Over the years I’ve prided myself on my connection to the Italian community. That is, my circle of friends living in Italy, as well as the many others also linked to Italy. I’ve learned much about the differences in culture, values, priorities and especially their views on ‘our’ practices. I should add that the similarities fill as long a column as the differences.
When Bill Clinton was impeached for improper conduct years ago, my Italian friends laughed and mentioned that his behavior was not only common on their ‘shores’ but cause for applause. Seeking the admiration of a young intern was nothing new, and certainly not worthy of impeachment. This debate goes on, and clearly since the #MeToo movement, much has changed. At least much has changed on what is now considered improper behavior in the work force.
Having spent four years with a ‘malpractice’ president (I am using that term to identify Trump’s misdemeanors in the act of ‘practicing as president’), we should be somewhat conditioned to the art of powerful men getting away with sexual harassment. The crimes of Donald Trump are far too long to list, and we are finally getting over his destructive deranged conduct that we witnessed on an almost daily basis. However, his abuse of power pertaining to women has even concerned my Italian ‘macho’ friends abroad. There seemed to be a limit to the number of indiscretions one can digest. It became a conversation regarding the American mindset compared to the Italian.
For most of my Italian friends, what seems clear is their view of the puritanical proprieties of Americans. For many, we remain righteous in terms of acceptable behavior when men of power are in question. For many of these same people, laws do not apply to themselves, as they are not subject to the same scrutiny.
All these comparisons, differences, and similarities seem to pale when discussing the recent allegations made by two former employees of Governor Andrew Cuomo, a recently inducted idol in the hall of governors, globally.
Will we ever forget Rudolf Giuliani’s bellowing voice after the attacks of September 11th, or George W. Bush’s megaphone-aided messages at the site of ground zero? On this list we could now add Andrew Cuomo’s daily briefings during this yearlong pandemic. His reassuring words, with honest, heartfelt concern over the unimaginable updates that he was reporting to a country and city filled with fear, was at times accompanied by a chorus of clanging pots and pans out of windows, citywide—to show appreciation for the frontline healthcare workers.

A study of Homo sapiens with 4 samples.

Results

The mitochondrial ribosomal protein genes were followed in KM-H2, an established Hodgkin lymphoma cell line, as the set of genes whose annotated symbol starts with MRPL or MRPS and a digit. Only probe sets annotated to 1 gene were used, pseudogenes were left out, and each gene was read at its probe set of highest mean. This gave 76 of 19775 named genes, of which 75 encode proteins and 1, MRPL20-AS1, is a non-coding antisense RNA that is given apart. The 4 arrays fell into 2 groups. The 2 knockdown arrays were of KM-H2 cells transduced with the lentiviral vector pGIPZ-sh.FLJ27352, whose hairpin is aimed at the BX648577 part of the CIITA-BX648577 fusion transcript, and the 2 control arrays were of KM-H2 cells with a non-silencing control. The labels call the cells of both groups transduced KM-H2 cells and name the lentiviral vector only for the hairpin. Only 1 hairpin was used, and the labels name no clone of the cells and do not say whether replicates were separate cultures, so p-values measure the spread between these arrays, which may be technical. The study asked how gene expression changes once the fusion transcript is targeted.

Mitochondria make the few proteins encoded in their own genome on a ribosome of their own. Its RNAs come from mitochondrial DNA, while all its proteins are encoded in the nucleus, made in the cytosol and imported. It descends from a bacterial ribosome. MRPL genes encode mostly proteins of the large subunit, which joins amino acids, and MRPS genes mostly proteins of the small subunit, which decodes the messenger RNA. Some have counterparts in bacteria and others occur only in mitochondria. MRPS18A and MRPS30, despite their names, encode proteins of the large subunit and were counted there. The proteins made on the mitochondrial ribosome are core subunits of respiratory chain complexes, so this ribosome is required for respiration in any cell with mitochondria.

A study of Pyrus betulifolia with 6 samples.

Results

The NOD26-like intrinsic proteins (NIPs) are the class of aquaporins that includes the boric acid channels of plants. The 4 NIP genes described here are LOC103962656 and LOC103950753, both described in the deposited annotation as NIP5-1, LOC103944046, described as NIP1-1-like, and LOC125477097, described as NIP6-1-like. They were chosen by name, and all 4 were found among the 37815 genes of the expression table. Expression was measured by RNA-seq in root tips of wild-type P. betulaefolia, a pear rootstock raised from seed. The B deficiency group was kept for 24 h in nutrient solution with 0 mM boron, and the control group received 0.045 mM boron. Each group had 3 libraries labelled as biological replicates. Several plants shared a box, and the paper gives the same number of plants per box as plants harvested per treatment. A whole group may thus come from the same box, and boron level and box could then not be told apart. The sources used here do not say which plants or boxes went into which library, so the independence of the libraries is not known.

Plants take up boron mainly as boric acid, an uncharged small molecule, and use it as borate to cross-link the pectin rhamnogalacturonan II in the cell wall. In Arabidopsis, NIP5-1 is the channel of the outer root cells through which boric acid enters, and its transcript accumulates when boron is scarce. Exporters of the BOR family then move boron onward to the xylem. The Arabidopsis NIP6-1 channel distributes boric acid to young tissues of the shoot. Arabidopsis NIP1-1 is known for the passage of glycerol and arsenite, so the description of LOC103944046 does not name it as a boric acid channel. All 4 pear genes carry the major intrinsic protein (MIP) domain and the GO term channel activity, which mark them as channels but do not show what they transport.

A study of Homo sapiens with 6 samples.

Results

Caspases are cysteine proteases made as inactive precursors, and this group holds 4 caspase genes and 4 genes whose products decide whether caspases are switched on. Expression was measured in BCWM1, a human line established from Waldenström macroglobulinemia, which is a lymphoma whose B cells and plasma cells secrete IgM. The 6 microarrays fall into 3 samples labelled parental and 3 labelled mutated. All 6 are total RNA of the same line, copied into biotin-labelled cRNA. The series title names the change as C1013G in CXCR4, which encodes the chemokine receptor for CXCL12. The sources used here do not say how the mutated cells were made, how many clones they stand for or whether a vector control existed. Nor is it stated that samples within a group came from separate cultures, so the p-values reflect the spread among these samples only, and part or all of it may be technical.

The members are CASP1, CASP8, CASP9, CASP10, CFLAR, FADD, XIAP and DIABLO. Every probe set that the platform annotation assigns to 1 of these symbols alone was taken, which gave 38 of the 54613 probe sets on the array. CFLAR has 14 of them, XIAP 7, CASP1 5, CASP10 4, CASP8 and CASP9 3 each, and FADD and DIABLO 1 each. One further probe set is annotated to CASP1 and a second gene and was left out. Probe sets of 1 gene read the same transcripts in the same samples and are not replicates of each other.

We are still reeling over the events of this past year, and yet, with the announcement last week that Cuomo harassed several women – two attached to the office of governor – we are screaming for impeachment. “Off with his head” (and other body parts, that Donald Trump would have no problem describing). Once again, we see the’ American Puritans on Parade’.
I’m not suggesting in any way, that Andrew Cuomo should not be held accountable for this behavior, most especially following the #MeToo movement, which he praised loudly and promoted emphatically. The double standard seems to be at play once again. However, when a person who has been held in such esteem, during a most unprecedented time in history, has used his position to take advantage of non -consenting women, then action should be taken. It’s my belief though, that the punishment should be commensurate with the crime.
I am certain there will be many who will vehemently disagree with my point of view, especially women of a certain age and generation. There was a time when a wink or a mild flirtation in the office was considered a compliment! Of course, calling all Americans Puritans is a gross overstatement, but to put this in perspective, is simply what needs to be considered.